For the past few months, my iPhone has seemed incomplete. The fabulous functionality I've become accustomed to over the past few years was missing and tools that I once took for granted on the iPhone now required a trip to my office to check the computer. But alas, Google Maps is back and we can all go on with business as usual.
By now, everyone knows that the Apple Maps launch was a complete miss by Apple, but it underscores a larger point for the company. Apple's devices are great and easy to use, but it's the apps that people really want. Take away our Google Maps and you have an uproar, something Apple failed to recognize.
Google's role in Apple
Maps wasn't the only Google app to be pulled from iOS 6 earlier this year. YouTube was also dropped from the system's integrated apps. Apple clearly wanted to push Google from such an important role in its own operating system, in part because Google's Android operating system is its biggest competition. Despite pushing Google from this preferred status, Google is still a staple on Apple's devices and is a top choice of iOS users.
Google's search engine is integrated into Safari, not only on iOS, but also on Macs.
Google Maps is now the No. 1 free app on the App Store with YouTube at No. 3, and Google Earth at No. 4. On the iPad, YouTube is No. 1, Gmail is No. 6, and Google Earth is No. 9.
Apple can't simply push Google to the side -- and it shouldn't. Google provides important tools that millions of people use on Apple's devices every day. Apple needs Google -- probably more than Google needs Apple.
The big question
Here's the question I've been pondering as someone who uses all things Apple. Would you still buy Apple devices if none of Google's apps were available on iOS?
It's not as easy a question as you might think. The difference between Apple Maps and Google Maps is enormous. Accessing YouTube is a pain on a mobile web browser versus the apps. Plus, I probably use Google search on my iOS devices more than any other function. If Google weren't available at all on my Apple devices, I could make the switch tomorrow.
As Apple expands into new markets and companies like Google and Facebook grow, the challenge will only get worse. If you think missing Google would be bad, can you imagine Apple selling iPhones without Facebook? Let's hope they never get into the same kind of tiff Apple and Google are currently in.
It's time to play nice
Google has its fingers in so many things we use today that crossover is bound to happen between the two companies. But after Maps, I hope Apple has learned just how important big partners like Google are, even if it's a strained partnership.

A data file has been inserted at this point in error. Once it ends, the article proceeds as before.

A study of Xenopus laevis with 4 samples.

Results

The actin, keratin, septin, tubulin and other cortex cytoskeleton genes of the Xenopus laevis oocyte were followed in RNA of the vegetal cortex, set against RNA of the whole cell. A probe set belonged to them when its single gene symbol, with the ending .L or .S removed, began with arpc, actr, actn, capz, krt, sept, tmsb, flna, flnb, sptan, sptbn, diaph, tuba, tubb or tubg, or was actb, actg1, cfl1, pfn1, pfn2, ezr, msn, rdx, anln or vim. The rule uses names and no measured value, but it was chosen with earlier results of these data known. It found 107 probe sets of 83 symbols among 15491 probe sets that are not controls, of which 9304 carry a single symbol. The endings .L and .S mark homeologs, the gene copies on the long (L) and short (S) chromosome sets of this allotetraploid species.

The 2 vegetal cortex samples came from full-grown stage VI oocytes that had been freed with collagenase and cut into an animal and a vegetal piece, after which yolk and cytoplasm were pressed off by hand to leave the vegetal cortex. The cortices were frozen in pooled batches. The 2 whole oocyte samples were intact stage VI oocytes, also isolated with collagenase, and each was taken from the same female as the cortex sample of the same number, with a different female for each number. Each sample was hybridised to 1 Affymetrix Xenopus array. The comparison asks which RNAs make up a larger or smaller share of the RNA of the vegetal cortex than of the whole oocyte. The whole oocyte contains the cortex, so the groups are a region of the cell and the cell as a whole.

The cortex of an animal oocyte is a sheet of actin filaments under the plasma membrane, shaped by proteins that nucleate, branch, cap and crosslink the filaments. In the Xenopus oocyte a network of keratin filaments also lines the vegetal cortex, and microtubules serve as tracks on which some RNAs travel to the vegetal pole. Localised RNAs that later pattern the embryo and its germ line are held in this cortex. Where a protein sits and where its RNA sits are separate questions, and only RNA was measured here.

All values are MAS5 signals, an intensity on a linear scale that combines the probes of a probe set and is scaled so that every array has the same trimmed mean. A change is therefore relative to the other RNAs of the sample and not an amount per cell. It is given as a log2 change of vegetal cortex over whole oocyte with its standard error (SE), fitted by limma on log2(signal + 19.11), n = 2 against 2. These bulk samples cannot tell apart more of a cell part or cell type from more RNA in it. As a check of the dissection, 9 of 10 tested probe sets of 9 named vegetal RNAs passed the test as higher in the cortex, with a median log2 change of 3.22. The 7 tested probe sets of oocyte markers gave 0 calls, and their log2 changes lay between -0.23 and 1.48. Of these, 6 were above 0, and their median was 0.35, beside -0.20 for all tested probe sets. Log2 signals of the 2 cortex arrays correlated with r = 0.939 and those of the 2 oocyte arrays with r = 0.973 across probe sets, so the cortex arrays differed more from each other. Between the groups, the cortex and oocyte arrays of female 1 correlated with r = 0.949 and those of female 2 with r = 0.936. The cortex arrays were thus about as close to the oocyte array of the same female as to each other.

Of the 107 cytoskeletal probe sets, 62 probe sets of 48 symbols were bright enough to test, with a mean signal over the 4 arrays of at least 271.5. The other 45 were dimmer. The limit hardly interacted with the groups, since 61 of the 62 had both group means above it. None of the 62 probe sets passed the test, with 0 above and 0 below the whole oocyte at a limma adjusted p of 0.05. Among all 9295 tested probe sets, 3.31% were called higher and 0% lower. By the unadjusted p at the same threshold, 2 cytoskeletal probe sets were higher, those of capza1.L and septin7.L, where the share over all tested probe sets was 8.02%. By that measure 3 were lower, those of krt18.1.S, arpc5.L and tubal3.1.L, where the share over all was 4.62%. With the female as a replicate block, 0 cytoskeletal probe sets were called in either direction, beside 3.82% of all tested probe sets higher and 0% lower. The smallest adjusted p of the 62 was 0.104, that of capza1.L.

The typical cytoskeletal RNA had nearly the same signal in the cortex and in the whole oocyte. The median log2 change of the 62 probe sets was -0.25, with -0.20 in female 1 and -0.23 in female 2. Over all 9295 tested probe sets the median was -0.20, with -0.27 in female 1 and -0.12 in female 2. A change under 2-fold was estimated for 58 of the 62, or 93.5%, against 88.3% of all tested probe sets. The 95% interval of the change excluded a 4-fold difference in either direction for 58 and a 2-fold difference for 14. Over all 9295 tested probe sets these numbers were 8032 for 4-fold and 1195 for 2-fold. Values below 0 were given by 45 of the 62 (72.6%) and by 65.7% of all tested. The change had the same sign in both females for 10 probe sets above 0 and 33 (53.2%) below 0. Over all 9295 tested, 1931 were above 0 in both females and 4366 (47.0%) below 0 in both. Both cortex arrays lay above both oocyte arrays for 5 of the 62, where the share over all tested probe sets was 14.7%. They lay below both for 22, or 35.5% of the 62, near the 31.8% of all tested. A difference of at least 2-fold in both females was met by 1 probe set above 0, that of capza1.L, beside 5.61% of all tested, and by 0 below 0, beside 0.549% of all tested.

Facebook will probably pose similar challenges in the future as it expands its reach. This is another company Apple will need to be partners with.
If you don't think apps matter to Apple, just ask Microsofthow Surface sales are going without a large app store. The same could be said for Research In Motion's tablets or Barnes & Noble's Nook. It's not the 250,000th app that matters to consumers, it's the big ones, and without those, a device maker loses its advantage -- no matter how cool the device is.
Advantage of open source
Maybe we're seeing a key advantage to Google's open-source platform. Google has less incentive to care about who is selling more devices or which operating system people are using. Its stated goal is to get more people on the web, and by extension, more people using search. This inherently has less conflicts than Apple's model, which requires key partners who aren't always the best of friends.
Still a top stock?
None of this means that Apple isn't a great stock, only that it needs to find ways to appease companies like Google, which are vitally important to its success.
Fool contributor Travis Hoium manages an account that owns shares of Microsoft and Apple. You can follow Travis on Twitter at @FlushDrawFool, check out his personal stock holdings or follow his CAPS picks at TMFFlushDraw. The Motley Fool owns shares of Apple, Facebook, Google, and Microsoft and has the following options: long JAN 2014 $20.00 calls on Facebook. Motley Fool newsletter services recommend Apple, Facebook, Google, and Microsoft. Try any of our Foolish newsletter services free for 30 days. We Fools may not all hold the same opinions, but we all believe that considering a diverse range of insights makes us better investors. The Motley Fool has a disclosure policy.